The National Energy Board (NEB) is continuing its undemocratic approach to pleasing its master: the oil industry. Most recently, the Calgary-based rubber stamp is trying to use the summer to hide yet another concession. On July 11th the NEB said it was going consider a request from Imperial Oil and Chevron to weaken the rules for offshore drilling in the Arctic and gave the public until August 1st to comment (some strong arguing won an extra two weeks).
Anyone who knows me knows I’m not good at keeping secrets, and I particularly don’t like when governments work in secret. Governments feed us a lot of malarkey about why secrecy is essential, but 9 times out of 10 there’s no justifiable reason.
Here are some government plans developing in secret that everyone should know about.
At an undisclosed location in Ottawa this week, 400 delegates from Pacific Rim countries are negotiating the Trans Pacific Partnership (TPP) - the latest ‘free trade’ deal our government says we just have to have.
June 17, 2014
It’s a decision that could define our times. We are witnessing the final stages of a protracted wrestling match between our future and our past.
Can we afford to let this decision stand? Aren’t our children--born and unborn--depending on us?
I’m not going to go into all the reasons why we must end our fossil fuel addiction, and move on to a clean energy future. You’ve heard it before.
But this decision could be different. It could be a game-changer. The Northern Gateway Tar Sands pipeline could be a turning point because of the huge opposition in British Columbia —unparalleled in Canadian history:
May 22, 2014
It’s been a busy week for government propagandists. Why?
Back when I was a reporter I had a mantra I would chant to myself while writing: Who, What, When, and Why. Who, What, When, and Why? It’s particularly effective when applied to government stories, so let’s apply it to last week’s series of announcements.
WHO: The federal government that has turned a deaf ear to climate change and mitigation, and stripped itself of the ability to protect the environment by gutting the Environmental Assessment, Fisheries and Navigable Waters Acts.
Farley Mowat passed away this week at the age of 92. It has been thirty years since he wrote “Sea of Slaughter”, a book that I’ll never forget. He sold almost 17 million books over his long and decorated career. His books about nature (translated into 52 languages) were a major contributor not only to the Canadian environmental movement, but the global movement to protect the earth.
Millions of people around the world view Canada in a better light because of his life’s work. He mixed the serious with humour in devastating ways, making us smile one minute, cry the next and then rant with a rage over how we treat this planet.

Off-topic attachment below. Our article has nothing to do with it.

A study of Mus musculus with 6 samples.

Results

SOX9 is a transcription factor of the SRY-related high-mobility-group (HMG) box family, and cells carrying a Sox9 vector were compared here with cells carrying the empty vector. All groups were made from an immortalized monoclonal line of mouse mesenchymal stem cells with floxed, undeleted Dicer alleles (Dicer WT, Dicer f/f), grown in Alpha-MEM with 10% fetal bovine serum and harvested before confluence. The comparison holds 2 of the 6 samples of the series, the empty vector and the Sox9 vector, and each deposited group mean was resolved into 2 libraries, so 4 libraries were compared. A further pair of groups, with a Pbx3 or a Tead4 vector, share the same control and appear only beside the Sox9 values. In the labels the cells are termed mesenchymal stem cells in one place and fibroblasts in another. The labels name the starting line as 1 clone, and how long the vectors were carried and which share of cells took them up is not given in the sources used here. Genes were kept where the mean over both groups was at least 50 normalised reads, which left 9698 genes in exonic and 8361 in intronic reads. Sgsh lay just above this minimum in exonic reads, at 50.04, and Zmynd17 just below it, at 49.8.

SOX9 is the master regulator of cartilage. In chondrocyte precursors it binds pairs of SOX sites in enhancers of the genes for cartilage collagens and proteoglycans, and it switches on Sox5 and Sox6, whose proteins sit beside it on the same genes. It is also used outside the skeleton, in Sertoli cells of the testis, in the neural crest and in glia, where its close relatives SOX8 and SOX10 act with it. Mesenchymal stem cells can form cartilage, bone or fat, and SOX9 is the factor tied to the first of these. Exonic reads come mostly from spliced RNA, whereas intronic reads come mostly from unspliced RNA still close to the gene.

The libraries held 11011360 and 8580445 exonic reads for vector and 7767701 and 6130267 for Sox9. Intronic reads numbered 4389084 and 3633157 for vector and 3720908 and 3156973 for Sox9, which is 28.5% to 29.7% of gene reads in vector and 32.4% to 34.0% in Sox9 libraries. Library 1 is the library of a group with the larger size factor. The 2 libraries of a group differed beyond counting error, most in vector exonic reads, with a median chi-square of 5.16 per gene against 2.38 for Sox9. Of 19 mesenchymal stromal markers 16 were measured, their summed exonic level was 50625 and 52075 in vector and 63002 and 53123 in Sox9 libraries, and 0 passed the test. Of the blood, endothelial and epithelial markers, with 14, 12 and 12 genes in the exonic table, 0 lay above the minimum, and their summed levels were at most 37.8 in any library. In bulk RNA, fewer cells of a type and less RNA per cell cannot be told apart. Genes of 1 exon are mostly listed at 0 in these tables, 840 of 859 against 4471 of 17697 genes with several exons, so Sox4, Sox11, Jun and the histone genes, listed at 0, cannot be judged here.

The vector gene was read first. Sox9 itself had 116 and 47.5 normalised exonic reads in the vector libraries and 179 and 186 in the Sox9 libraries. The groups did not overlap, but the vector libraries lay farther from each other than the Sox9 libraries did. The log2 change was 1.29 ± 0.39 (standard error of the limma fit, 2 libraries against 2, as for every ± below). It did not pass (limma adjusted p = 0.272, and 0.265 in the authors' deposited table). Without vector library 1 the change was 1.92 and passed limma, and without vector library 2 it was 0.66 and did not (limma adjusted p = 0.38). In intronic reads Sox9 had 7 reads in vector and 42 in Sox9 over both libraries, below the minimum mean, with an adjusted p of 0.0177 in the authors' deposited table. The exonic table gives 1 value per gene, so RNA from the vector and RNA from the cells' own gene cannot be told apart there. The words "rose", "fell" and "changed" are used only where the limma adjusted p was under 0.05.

I’ve been thinking about my favourite Farley Mowat book, “No Bird Sang”, since I heard the news today.
This week is Emergency Preparedness Week -- the kind of non-event, event that might mean we’ll see a photo (or two) of a politician at some media event, but most won’t give it a second thought.
At best, it might evoke an image of Sheldon Cooper of Big Bang Theory with his survival backpack and fluorescent arrows painted on the floor. Some of us older folks might evoke the man on a street corner shouting: “Repent the end is near!”
By John Bennett
There were four events of note this week--well five, actually. The first two demonstrate the dissonance between the Government of Canada and the rest of the world.
Should a CBC radio and television commentator be accepting speaking fees for pro-Tar Sands speeches on the side without publicly disclosing the financial conflict of interest to viewers? Should a national newspaper consider--let alone sign--a strategic partnership with the oil industry (a.k.a. Canadian Association of Petroleum Producers) to produce content? Would such a move render the paper a non-news organization? Should it?
These two stories emerged over the last week and received almost no attention in the media. There has to be a better explanation than Olympic coverage eating up air time.
We’re all familiar with the National Post’s ‘tendencies’ (sorry Terrence) so I wasn’t overly shocked with the latter. But I have to say I was taken aback by the news about Rex Murphy.
ACTION ALERT / February 5, 2014
Tell the Senate to Speak Out Against Neonicotinoid Pesticides
The Senate Committee on Agriculture and Forestry is now holding hearings on widely-used, bee-killing neonicotinoid pesticides. The committee has invited beekeepers, grain-farmers, and scientists to present evidence at the hearings.
The Senate Committee will undoubtedly hear a repeat of what the Ontario Bee Health Working Group heard last summer -- that something was wrong and the beekeepers want a moratorium on the prime suspect: neonicotinoid pesticides.
First, thank you for your patience and the generous support you’ve shown during our year-end fundraising push. Believe me when I say we don’t like to “push” for donations, but the reality is we have to in order to keep our doors open.
BACK TO WORK
We’re back to work now and I want to talk about mercury pollution.
Most people my age cite Rachel Carson’s “Silent Spring” when asked how they first became aware of the environment and the need to protect and preserve it. For many, the moment was the first Earth Day, April 22, 1970.
My moment of truth was the mercury poisoning at the Grassy Narrows Reserve in northwest Ontario. Between 1962 and 1970, two First Nations communities’ staple food — fish — had been contaminated with record-high levels of mercury from a chemical plant up the river. But no one knew, and for almost a decade they consumed the poison.